Energy and Utilities

How to navigate the emergence of AI in the energy sector

Published on 5th Oct 2023

Artificial intelligence is driving transformation across the sector but questions remain around legal and business risks


Osborne Clarke recently hosted an "AI powerplay" dinner and presentation for senior female leaders in the energy sector that explored the impact of the technology on the industry and the need for its businesses to become "AI ready".

The event highlighted the need to be aware of the legal and compliance risks in order to successfully navigate the rise of AI in the energy sector. The discussion centred around the uptake of AI by the energy and utilities sector, how "AI-ready" its businesses are and where AI could take the industry over the next five years.

AI uptake

In 2022, Osborne Clarke published a report in partnership with the European Company Lawyers Associated (ECLA) on data-driven business models, which suggested that over half of the energy sector respondents did not expect their use of AI to increase. However, the participants a year later said that they were seeing significant adoption of AI solutions in energy businesses.

Customer service was one area of increased uptake. AI is transforming customer service through chatbots and language engines, improving the speed, efficiency and quality of interactions with clients, and prompting higher satisfaction levels in customers.  

AI also has a growing role in the maintenance of infrastructure. AI helps businesses predict when key infrastructure needs replacing, which minimises disruption to the grid and improves security of supply. It is also being used to inspect physical assets and spot faults, signs of wear and tear or imminent breakdown.

The energy sector is also deploying AI to help balance supply and demand. The growth of renewables and the diversification of sources means that this has never been more complex. AI can be used to predict generation and consumption in order to balance the supply and demand of energy and, therefore, reduce the need for reserve generating capacity. However, there is a long way to go to realise AI's potential in this area.

'AI ready'?

The opportunities brought by AI-driven transformation come, however, with legal and compliance risks. Businesses in the energy sector can lower their risk in the transition to AI-led technologies by having robust systems in place.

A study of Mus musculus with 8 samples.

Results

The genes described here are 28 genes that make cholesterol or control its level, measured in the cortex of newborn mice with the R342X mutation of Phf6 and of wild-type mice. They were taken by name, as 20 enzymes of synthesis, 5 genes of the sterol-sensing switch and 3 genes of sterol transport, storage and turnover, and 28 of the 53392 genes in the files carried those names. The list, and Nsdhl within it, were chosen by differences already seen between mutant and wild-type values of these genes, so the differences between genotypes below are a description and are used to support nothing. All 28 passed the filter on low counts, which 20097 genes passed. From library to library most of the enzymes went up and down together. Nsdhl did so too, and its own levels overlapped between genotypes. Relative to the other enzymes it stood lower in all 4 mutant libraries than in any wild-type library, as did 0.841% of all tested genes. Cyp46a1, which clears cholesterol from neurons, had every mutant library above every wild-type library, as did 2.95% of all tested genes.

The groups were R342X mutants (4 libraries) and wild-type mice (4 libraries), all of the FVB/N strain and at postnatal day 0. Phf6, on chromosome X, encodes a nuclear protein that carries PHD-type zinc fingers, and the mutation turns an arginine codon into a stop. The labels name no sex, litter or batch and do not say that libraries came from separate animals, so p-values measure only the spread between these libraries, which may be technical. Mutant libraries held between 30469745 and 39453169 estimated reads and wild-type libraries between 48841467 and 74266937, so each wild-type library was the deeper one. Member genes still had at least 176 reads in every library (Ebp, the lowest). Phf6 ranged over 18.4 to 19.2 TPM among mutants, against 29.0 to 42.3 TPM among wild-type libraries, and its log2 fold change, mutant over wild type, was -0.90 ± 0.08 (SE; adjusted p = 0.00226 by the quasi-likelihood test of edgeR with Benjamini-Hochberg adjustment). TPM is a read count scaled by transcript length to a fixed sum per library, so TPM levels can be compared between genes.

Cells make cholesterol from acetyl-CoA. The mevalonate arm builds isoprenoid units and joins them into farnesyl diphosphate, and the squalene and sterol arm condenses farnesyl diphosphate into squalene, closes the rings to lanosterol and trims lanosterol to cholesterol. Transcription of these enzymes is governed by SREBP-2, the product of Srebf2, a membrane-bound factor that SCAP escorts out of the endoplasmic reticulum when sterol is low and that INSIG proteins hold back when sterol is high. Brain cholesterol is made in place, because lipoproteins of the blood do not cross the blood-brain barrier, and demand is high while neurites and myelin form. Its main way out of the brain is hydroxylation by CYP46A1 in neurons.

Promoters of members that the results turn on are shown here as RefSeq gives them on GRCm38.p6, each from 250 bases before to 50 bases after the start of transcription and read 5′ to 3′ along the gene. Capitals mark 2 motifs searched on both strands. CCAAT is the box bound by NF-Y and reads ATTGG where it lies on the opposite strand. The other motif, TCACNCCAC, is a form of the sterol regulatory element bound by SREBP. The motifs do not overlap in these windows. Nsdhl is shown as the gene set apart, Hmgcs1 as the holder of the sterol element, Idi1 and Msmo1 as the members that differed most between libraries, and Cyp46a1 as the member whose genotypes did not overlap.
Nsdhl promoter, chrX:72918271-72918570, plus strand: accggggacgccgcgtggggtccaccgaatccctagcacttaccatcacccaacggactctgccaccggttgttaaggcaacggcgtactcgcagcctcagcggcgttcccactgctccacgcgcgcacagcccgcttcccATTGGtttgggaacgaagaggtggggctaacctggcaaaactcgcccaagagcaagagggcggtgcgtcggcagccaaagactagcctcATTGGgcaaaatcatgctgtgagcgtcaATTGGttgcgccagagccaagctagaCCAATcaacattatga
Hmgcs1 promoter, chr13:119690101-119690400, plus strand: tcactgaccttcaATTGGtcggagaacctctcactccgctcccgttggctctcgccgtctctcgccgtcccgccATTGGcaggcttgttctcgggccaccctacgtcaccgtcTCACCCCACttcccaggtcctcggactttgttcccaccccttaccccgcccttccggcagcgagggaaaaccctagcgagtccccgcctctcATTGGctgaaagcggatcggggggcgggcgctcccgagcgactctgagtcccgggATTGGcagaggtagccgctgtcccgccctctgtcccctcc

A strong data strategy will help businesses protect the data that is the foundation of AI systems. It will also assist businesses in strategic decisions about how to use their data. Will most value be generated by keeping data confidential, or by deciding to license, share or open-source it? 

Confidentiality is a key consideration, especially when using open and public generative AI systems. Staff need to be made aware of the need to withhold confidential information, business secrets and trade secrets from these systems. Training staff in the use of such AI tools and its risks is an essential step in order to avoid compromising confidential information.

AI brings a number of environmental, social and governance risks to organisations. These should be considered when implementing AI systems. Machine learning systems need significant processing power, which leads to an increase in energy consumption. The use of AI may also impact a business' workforce, and the sector may seek to reskill or redeploy staff. 

As the regulatory scrutiny of AI grows, businesses need to be prepared to monitor changing compliance requirements and the approach of the sector regulators to this transformative technology.

AI 2029?

There is great uncertainty about the impact of AI in the energy sector and how it can be best harnessed over, say, the next five years. But there is clearly great potential, especially in assisting with the UK transition to net zero. AI-driven advances are expected, for example, in research into better batteries, into optimising the use of existing infrastructure, and in addressing the challenge of integrating renewables. 

Osborne Clarke comment

The extent of the impact of AI in the energy sector remains an unknown, for now, but its transformative potential cannot be underestimated. The energy sector will face new opportunities and challenges, as the regulatory landscape adapts to the new technology – but innovation will need to be backed by a strong understanding at the business level of how to minimise the risks brought by AI.

Businesses in the energy sector will need to ensure they are alive to very novel legal and regulatory issues that will emerge over the coming years.

If it would assist to discuss any of these issues or the implications of AI to your business, do contact our experts.

The AI Powerplay event was hosted by Emily Van Schalkwyk, a Real Estate Litigation Partner, and Head of Utilities and Power at Osborne Clarke, with keynote speaker Catherine Hammon, Osborne Clarke's Digital Transformation Knowledge Lawyer.

Alicia Ramirez, a Trainee Solicitor with Osborne Clarke, contributed to this Insight.


* This article is current as of the date of its publication and does not necessarily reflect the present state of the law or relevant regulation.